The veteran hurler gets a four-year deal, pending physical.

Scott Boehm

Free agent starting pitcher Matt Garza has signed a four-year deal with the Milwaukee Brewers according to Ken Rosenthal. The terms are four years, $52 million. The deal is pending physical.

Given that the going price for top-flight starting pitching has climbed to $20 to $30 million dollars, Garza, a right-hander with a 3.84 career ERA (and a park- and league-adjusted ERA of eight percent below league average) has to be rated as something of a steal. As recently as last July's trade deadline Garza was in high demand, and the Rangers were viewed to have paid a high price in sending pitchers C.J. Edwards and Justin Grimm and third baseman Mike Olt to the Chicago Cubs to get him. Garza's indifferent pitching with the Rangers (he posted a 4.38 ERA in 13 starts after the July 22 trade) combined with some questions about the long-term health of Garza's elbow, seems to have cooled teams' ardor for him.

A former first-round pick of the Minnesota Twins with a 2010 no-hitter to his credit, Garza has never put together the kind of consistent, high-level campaign that many predicted for him. He posted a career-best 3.32 ERA with the Cubs in 2011, but was unable to follow up in 2012 due to a midseason stress fracture in his elbow that limited him to 18 starts.

This marks the second time in two winters the Brewers have dipped into the free agent pool to staff out their rotation -- last March, the club signed right-hander Kyle Lohse, who had lacked for suitors due to the attachment of a draft-pick penalty to signing him, to a three-year, $33 million contract. Lohse performed well, but the inconsistency of Yovani Gallardo, Wily Peralta, and Marco Estrada meant that starting pitching was a problem for the Brewers throughout the season -- with an aggregate ERA of 4.20, Brewers' starters ranked 11th in the National League.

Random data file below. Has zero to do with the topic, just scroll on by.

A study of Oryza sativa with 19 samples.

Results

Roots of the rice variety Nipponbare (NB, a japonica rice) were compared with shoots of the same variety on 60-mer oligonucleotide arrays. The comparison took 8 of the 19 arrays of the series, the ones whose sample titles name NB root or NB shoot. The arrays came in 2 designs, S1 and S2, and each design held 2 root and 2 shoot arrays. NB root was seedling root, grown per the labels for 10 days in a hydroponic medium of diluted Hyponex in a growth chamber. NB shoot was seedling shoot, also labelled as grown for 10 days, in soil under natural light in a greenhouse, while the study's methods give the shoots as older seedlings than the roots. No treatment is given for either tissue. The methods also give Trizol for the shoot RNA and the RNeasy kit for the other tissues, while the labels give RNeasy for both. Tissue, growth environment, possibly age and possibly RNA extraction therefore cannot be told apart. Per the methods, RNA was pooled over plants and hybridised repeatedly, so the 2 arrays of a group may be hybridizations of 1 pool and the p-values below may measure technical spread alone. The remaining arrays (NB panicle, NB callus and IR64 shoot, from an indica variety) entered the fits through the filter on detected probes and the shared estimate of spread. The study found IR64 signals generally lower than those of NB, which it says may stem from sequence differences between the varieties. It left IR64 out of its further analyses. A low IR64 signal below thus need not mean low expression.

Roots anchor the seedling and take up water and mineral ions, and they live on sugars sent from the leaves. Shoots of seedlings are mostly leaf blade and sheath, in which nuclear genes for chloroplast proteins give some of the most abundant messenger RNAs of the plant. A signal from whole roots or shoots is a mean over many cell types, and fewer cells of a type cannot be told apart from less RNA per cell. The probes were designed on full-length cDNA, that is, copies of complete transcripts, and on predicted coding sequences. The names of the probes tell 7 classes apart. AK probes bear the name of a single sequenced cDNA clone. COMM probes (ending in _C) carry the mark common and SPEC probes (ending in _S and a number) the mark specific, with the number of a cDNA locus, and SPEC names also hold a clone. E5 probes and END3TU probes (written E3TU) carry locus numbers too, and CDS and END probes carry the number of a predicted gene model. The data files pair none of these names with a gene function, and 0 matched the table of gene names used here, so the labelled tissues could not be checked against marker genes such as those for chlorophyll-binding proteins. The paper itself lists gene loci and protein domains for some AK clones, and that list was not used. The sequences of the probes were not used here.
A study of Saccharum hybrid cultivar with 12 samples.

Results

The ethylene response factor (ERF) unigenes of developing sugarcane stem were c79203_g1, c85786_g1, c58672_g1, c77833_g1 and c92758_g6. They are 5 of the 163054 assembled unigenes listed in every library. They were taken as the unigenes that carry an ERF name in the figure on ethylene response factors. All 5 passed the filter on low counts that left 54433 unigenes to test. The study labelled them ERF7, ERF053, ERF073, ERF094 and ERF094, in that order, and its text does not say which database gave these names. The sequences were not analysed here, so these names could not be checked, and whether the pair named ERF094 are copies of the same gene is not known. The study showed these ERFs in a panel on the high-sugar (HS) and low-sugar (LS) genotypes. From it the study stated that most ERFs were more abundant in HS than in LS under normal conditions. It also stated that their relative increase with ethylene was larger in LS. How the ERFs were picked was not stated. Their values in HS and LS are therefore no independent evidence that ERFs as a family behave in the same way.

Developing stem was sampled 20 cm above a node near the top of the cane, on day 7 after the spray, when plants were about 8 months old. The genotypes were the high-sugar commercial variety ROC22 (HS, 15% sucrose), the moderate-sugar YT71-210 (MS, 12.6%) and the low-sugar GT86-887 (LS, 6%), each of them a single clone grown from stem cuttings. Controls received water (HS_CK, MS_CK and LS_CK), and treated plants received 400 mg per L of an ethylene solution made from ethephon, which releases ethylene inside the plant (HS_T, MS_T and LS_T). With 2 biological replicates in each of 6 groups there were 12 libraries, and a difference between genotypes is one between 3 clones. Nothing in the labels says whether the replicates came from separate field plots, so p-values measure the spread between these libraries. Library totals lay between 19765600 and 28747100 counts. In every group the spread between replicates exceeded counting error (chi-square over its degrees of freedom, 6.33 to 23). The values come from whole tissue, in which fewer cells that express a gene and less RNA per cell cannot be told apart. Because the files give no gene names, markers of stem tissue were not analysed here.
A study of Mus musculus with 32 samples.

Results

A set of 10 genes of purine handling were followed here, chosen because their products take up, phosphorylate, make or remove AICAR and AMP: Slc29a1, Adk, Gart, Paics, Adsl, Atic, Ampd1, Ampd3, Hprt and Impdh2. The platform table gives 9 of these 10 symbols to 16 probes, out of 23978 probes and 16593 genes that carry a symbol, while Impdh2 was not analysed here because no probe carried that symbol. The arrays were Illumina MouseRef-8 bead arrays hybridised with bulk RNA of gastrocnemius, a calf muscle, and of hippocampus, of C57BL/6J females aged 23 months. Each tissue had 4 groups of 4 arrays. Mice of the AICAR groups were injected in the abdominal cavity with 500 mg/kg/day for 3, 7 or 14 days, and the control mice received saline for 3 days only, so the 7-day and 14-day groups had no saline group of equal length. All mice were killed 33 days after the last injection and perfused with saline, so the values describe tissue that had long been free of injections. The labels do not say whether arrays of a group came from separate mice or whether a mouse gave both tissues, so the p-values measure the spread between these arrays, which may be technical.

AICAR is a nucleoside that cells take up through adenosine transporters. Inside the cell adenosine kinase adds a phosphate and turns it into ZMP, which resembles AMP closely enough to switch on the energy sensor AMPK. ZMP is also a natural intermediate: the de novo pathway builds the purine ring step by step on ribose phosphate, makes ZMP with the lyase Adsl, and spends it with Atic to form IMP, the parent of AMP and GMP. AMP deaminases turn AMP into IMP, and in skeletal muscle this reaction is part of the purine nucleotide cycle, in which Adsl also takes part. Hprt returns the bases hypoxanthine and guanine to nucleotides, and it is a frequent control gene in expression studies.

Though the amount of money in the deal may seem slight by the standards of recent pitching mega-deals, it is the most the Brewers have ever spent on a free agent (per Tom Haudricourt of the Milwaukee Journal Sentinel).

It was long predicted that Masahiro Tanaka's uncertain status was holding up the resolution of less-attractive free agents such as Garza, Ervin Santana, and Ubaldo Jimenez. With Tanaka agreeing to a contract with the Yankees on Wednesday, it seems that the remaining free agent starters will now be clear to find homes for the 2014 season.